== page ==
Louis C.K.’s recent Saturday Night Livemonologue drew fire by surmising that child molestation must be really, really fun - otherwise, why would molesters risk so much to keep doing it? He generally survives the outrage that such jokes evoke by being the first to admit his own moral failings. No one in public life today is quicker to point out that, “Yeah, I’m not a good guy. I am not. I wish I was a good guy. I like the idea of being a good guy. Sometimes I have an opportunity to be a good guy but then I don’t necessarily do it…”
Masturbation. Misogyny. Misanthropy. Louis’ confessions make him sound like another chief of sinners: “I do not do what I want, but I do the very thing I hate.” In one particularly Pauline monologue, Louie imagines giving his first-class plane ticket to a uniformed soldier - but doesn’t actually do it. “And here’s the worst part,” he adds. “I was actually proud of myself for having thought of it.”
Though Louis C.K.’s confessional speech outs him as Not a Good Guy, it also ironically declares his moral awareness. Sometimes, in fact, he’s something of an ethical absolutist, insisting that “you should act that if everybody acted that way things would work out.” Other times he jokes about how everything’s going to fall into the sun eventually. If Louis C.K. confesses belief in anything, he affirms something like a tragic humanism. Which may be why he’s so ready to confess that he’s a jerk.
I suspect that Christians have as little to learn from a comedian’s public confession as they do from a politician’s press conference during political scandal. But we have a lot to learn from another speech-act featured in Louis C.K.’s television show, Louie: the practice of concession. As a fictionalized version of himself - a Manhattan comic, divorced father of two and obsessive ice-cream eater - Louie is forever granting that other people have a point.
If Louis C.K. confesses belief in anything, he affirms something like a tragic humanism.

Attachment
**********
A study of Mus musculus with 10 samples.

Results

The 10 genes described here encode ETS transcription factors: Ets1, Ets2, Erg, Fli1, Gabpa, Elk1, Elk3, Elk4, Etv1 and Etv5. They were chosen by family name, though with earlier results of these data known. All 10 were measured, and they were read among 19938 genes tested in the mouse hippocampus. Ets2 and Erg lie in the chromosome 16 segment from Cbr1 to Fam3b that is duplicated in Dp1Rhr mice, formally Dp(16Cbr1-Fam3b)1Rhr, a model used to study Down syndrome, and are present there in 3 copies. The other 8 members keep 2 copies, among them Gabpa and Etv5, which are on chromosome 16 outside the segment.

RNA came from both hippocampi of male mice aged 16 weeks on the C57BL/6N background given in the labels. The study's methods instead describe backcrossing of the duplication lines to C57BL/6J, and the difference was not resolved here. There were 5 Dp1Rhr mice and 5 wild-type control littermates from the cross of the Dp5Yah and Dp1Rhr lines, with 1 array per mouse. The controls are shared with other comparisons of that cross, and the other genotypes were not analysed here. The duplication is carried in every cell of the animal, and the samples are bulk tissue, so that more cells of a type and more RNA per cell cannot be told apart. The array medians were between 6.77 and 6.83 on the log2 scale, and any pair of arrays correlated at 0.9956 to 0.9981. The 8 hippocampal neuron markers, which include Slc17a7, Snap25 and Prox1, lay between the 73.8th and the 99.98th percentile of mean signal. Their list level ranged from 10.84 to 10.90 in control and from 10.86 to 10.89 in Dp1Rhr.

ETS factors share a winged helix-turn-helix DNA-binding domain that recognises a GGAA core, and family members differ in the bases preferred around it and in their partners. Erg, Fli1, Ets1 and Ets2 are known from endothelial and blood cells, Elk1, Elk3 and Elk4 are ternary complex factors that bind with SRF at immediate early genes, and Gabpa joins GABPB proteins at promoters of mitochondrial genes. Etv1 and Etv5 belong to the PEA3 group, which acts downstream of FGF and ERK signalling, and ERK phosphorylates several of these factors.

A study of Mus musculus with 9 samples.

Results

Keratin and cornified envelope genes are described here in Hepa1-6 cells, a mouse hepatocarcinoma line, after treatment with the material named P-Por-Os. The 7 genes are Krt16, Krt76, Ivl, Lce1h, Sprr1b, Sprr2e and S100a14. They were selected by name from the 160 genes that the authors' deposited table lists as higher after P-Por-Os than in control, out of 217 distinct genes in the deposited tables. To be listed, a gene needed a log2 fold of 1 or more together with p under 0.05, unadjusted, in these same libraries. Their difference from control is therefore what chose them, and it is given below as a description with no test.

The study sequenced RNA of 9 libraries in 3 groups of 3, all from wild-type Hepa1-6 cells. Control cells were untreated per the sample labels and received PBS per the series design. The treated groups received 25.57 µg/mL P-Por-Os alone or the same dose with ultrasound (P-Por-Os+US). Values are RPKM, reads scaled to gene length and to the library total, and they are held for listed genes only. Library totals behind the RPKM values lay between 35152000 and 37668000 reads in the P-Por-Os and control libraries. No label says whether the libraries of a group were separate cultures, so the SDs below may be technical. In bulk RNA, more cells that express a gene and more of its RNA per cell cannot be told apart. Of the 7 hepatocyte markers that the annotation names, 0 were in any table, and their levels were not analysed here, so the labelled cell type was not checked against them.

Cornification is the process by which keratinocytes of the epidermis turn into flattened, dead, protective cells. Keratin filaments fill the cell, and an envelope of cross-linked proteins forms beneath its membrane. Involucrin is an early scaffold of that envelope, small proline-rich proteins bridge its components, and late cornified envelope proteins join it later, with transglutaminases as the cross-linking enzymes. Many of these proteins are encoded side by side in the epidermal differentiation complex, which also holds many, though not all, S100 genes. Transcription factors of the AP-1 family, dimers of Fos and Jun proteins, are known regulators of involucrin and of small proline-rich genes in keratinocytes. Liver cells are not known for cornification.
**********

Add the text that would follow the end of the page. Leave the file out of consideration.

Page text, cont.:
Take this season’s “Pot Luck” episode, in which a brusque young retailer tells Louie that she just wants him to leave so she can close her chic boutique on time. After arguing for awhile, she asks, in a seeming non sequitur, if he always acts this awkwardly with young people. He admits that, yes, he does. She offers him this explanation: “Because we’re the future, you don’t belong in it. Because we’re beyond you. You have this deep down feeling that you don’t matter.” Louie looks pained, ducks his head and concedes.
What impresses me about concession as a communicative act is that, while it allows others to speak, it does not disaffirm the conceder’s convictions. Louis C.K., as writer, director and star, after all, uses Louie as a mouthpiece for his own brew of tragic humanism. But he does this by allowing other characters to show Louie up. What’s interesting here is that while confession often aggrandizes self, concession rarely does.
I’m thinking of Paul again, when he admits to the impertinent Corinthians that “We are fools for the sake of Christ, but you are wise in Christ. We are weak, but you are strong. You are held in honor, but we in disrepute.” What would Christian engagement be like if we were quick to grant our interlocutors that we are sometimes silly and often feckless? I think that such a practice would require more than a commitment to empathy and liberal dialogue. It just might entail conceding the all-important point that every tongue must eventually confess: that we ourselves are not any more important than anyone else.